History is written, and revised often, by the winners, so it is best to keep your own notes
I first heard of the Mexican artist Frida Kahlo in the early 1990s from a luxuriously illustrated article in the American magazine Ms. Her art is called surreal and naive. It is colourful and sometimes looks narcissistic. For many periods of her short life, Kahlo had access to only one subject for her painting. Bed-ridden repeatedly for traction and surgery, and spending her last years in a wheelchair, Kahlo painted herself again and again, as seen in a mirror.
She was married (twice) to muralist Diego Rivera. I have a small book of details from Rivera’s Detroit Industry murals at the Detroit Institute of Arts, souvenir of a visit some years ago. I didn’t need a book in front of me to recall the power of Kahlo’s art. Anyone who has seen it once remembers that three-quarter view, with fierce eyebrows, severe mouth and a crown of heavy braids woven with flowers. They are her interpretations — photos of Kahlo show a softer beauty. She painted herself enthroned and regally dressed in long skirts and a shawl. And she painted herself naked and vulnerable on a hospital bed.
Kahlo and Rivera often lived separately even in their marital home. There was adultery on both sides, bisexual on hers. Their relationship always intrigued me, maybe because I am a writer who lives with a writer. Did his art ever crowd hers out? Did he ever steal her ideas? Did the love between them rob her of artistic energy while it charged his? Or do I have it all backwards?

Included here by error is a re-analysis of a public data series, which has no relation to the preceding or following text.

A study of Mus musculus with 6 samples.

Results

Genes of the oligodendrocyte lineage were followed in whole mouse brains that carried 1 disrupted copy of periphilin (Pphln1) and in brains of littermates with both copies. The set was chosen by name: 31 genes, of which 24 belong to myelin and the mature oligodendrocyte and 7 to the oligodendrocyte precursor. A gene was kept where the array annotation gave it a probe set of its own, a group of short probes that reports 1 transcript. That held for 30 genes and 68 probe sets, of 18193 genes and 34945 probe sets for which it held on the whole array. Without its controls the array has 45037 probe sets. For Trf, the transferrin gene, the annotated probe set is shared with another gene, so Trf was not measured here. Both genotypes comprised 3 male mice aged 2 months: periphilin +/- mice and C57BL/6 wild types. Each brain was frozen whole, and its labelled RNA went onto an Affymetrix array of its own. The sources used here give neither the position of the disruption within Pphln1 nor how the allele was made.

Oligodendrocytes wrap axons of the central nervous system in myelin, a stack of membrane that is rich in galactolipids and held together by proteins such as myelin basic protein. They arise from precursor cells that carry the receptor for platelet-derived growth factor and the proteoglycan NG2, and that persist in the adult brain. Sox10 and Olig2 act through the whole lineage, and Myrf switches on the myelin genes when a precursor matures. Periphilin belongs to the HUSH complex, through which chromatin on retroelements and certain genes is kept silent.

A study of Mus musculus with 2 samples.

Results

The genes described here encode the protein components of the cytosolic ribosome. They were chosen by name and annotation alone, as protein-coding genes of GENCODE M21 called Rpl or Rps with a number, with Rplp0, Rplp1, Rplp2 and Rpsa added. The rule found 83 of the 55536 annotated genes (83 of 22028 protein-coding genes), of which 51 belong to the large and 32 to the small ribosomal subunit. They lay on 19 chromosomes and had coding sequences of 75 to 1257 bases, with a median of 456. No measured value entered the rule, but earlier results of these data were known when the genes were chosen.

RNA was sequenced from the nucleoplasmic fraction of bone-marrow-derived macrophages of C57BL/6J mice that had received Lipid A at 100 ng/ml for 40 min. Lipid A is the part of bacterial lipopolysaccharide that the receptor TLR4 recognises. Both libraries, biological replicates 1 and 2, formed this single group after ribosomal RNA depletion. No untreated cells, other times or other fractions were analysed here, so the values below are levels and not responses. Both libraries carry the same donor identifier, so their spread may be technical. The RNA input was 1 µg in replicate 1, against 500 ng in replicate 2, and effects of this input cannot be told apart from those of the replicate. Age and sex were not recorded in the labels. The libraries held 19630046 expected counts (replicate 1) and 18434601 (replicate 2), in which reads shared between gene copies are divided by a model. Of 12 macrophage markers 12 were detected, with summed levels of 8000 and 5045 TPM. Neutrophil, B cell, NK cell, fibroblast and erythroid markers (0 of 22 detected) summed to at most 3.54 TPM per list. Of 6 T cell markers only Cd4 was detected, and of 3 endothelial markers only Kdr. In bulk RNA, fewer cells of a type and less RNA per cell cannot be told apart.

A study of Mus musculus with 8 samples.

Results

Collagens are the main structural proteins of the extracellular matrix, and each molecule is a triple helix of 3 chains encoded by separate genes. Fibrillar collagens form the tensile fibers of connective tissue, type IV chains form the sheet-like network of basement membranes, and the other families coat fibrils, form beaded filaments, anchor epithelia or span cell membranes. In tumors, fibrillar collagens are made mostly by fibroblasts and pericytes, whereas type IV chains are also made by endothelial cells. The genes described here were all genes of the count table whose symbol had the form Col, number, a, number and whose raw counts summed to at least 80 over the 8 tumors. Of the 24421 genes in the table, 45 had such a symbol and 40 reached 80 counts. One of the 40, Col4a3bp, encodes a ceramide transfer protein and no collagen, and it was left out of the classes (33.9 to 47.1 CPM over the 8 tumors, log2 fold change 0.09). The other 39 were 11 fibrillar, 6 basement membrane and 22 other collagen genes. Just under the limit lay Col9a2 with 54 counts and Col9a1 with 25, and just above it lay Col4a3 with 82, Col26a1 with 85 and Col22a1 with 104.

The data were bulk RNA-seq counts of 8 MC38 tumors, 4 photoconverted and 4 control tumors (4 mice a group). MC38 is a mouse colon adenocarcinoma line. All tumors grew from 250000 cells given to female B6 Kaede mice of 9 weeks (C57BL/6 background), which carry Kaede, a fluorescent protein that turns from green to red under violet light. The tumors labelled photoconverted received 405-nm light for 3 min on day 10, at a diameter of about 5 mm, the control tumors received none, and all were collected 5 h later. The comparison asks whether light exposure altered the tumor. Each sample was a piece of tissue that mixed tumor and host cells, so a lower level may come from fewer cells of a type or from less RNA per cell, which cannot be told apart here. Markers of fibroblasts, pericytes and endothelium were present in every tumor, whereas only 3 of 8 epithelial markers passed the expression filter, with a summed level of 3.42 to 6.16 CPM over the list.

They were nationalists and Communists, two ideas that overlap more often in reality than in theory.
Some portions of their story are told in Barbara Kingsolver’s The Lacuna, part of my birthday loot. The novel sat on my shelves for some months, and recently I snatched it from the jaws of termites. They had eaten jagged holes into the last pages, but I felt I could fill in the gaps from the remaining text, so I dug in. The hero of The Lacuna is Harrison Shepherd, who works for Rivera and Kahlo. Half of the novel tells of his life with the two artists, particularly during the years they sheltered the exiled Trotsky. The second-half follows him to the U.S., where he writes historical novels about the Aztec and Mayan civilisations and falls under the eye of the Committee on Un-American Activities, which demonised any hint of a post-war yearning for economic justice.
Kingsolver reminds us of past depressions and repressions in American society, a lesson for every society. In a crisis, people readily give up their civil liberties, but it is their rulers who declare a crisis. All nations leave lacunae in their stories that allow their rulers to pretend that these are extraordinary times, that the enemy is at the gates. Shepherd relies on his own record to fill in the gaps at a time when truth shifts like sand. Which is to say, at all times.